UASs need airspace rules to grow by so that systems can be developed
Not having airspace rules to grow by is hurting the aviation industry. Airports in London were faced with rogue drones buzzing the runways. Two of the largest airports in Europe ended up closing operations and canceling hundreds of flights. The same scenario can happen here. In some cases, there are no laws against such a situation should the offending drone operators be hobbyists.
The drone industry today needs more data, new regulations, and a definition of problems. And, they need airspace rules to grow by. The focus has been for years on the Federal Aviation Administration (FAA) to come up with rules that would serve as a framework for action.
The FAA can kill the drone industry by studying it
It seems that the FAA will study the project to death. Congress will have to take action and someone has to produce a study that will look at a national rollout of UASs. In the meantime, the US will fall farther and farther behind the rest of the world in drone technology and control.
Today, there are around 50,000 aircraft in the sky over the US at any time. they are using the air traffic controls system. However, millions of drones have been sold. The FAA cannot control that kind of overwhelming air traffic. The US must develop an autonomous system that can operate without FAA active control.
Here are some initial steps to ensure safety can be taken now —
- When purchased, all drones should be registered to a responsible adult.
- All drones should be equipped with geofencing technology that will keep them out of airport areas and other restricted zones.
- Drones should have altitude limiters to keep them below the 1,000-foot altitude threshold.
- All drones should ping their identifier information using a system used in cell phones or, better, using ADS-B.
The US government needs to take these drone control steps today to allow better testing and development
The above are actions that the FAA can take as soon as possible and that should provide identification of owners and responsible adults for the drone’s use. It would be similar to the registration of an automobile, motorcycle, or bicycle.
Those are the first important steps. More testing over remote areas of the country needs to be permitted without long approval processes. An examination of the future of enforcement needs to be started immediately so that federal oversight and state and local enforcement can begin. Plus, states and localities need to be able to set their own limits on drone deployment and zoning — this would include privacy rules for airspace over homes and minimum-distance-rules from buildings that drones will need to operate.
These kinds of visionary drone control activities need to begin now. So far, the FAA and the drone industry seem to have their heads buried in the sand with no view of the possible future. Yes, action has been taken, but it has not been well coordinated. Plus, the public has not been educated.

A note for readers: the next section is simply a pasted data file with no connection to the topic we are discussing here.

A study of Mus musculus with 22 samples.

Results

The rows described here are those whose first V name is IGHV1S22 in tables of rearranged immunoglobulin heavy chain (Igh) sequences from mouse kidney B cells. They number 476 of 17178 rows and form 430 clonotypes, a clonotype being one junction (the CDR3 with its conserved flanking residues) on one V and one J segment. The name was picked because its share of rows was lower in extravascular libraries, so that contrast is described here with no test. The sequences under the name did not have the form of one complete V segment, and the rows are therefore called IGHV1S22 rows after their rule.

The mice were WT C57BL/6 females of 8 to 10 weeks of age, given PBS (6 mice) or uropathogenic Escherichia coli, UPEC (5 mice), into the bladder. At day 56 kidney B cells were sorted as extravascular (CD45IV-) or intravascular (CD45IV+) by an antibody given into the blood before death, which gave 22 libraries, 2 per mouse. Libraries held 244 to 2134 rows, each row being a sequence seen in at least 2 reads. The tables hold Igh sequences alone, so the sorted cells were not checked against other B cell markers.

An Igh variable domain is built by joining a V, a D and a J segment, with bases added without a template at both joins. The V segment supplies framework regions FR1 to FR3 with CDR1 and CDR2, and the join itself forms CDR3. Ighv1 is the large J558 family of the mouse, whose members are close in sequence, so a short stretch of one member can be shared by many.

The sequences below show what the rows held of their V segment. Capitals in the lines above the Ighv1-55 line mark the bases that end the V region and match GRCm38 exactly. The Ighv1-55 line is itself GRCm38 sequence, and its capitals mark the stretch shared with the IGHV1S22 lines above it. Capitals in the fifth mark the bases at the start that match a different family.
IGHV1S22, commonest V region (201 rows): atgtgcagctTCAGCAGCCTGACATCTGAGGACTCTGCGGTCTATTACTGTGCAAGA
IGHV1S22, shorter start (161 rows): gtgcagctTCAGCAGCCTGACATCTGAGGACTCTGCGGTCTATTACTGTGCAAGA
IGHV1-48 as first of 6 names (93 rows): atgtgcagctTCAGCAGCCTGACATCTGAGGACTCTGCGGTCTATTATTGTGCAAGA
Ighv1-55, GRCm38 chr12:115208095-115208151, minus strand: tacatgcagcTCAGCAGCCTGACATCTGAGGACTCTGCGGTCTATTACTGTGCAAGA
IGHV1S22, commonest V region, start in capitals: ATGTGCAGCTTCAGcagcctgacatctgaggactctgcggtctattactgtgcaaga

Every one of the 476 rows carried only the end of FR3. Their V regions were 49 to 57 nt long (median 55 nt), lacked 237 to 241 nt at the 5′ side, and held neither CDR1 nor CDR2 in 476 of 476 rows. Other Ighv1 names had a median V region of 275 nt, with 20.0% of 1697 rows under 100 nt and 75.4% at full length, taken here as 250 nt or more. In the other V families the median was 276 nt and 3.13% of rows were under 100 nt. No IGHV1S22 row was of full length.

We need congressional direction for the FAA
The birth of the UAS air traffic world will require congressional action and a mandate to look into the future. While the FAA has focused on regulation, Congress needs to signal a need for a vision of the future that will drive innovation and experimentation — the coming world where low-level UASs may become as common as automobiles.
We have a traffic management system with highways, local roads, traffic signage and signals, and enforcement for surface transportation. The US needs to develop a similar system for the national airspace system.
Travelers United is urging the creation of an advisory board authorized to take a reasonable and educated look at the future. This independent group will focus on organization, operational safety, enforcement, innovation, and privacy.
The drone genie is out of the bottle
These studies will shape the future of our aviation industry. They will stimulate innovation, and knit together our country. It will be similar to the vision, planning, and construction of the Interstate Highway System.
UASs are already working in the commercial world, taking photos of agricultural fields, orchards, utility lines, pipelines, sporting events, real estate, construction operations, deliveries, movie making, news coverage, search and rescue, and more.
Prior to the pandemic, Airbus announced a flying car prototype. The Chinese began testing their UAS systems as taxis.
The future is closer than any of us can imagine
Technology, once it is created and free for unfettered innovation, will surprise even today’s experts. We may see a Jetsons-like UAS platform. It will carry passengers, guided by GPS, equipped with sense-and-avoid technology and operate totally autonomously. The vision has already been announced and is being tested in other countries.
It is time that the US gets ready for the future of a new level of transportation. The new Congress needs to develop an overview of the National Airspace System. We need a roadmap to get new technology under control and working for all Americans.
Charlie Leocha is the President of Travelers United. He has been working in Washington, DC, for the past 11 years with Congress, the Department of Transportation and industry stakeholders on travel issues. He was the first consumer representative to the Advisory Committee for Aviation Consumer Protections appointed by the Secretary of Transportation from 2012 through 2018.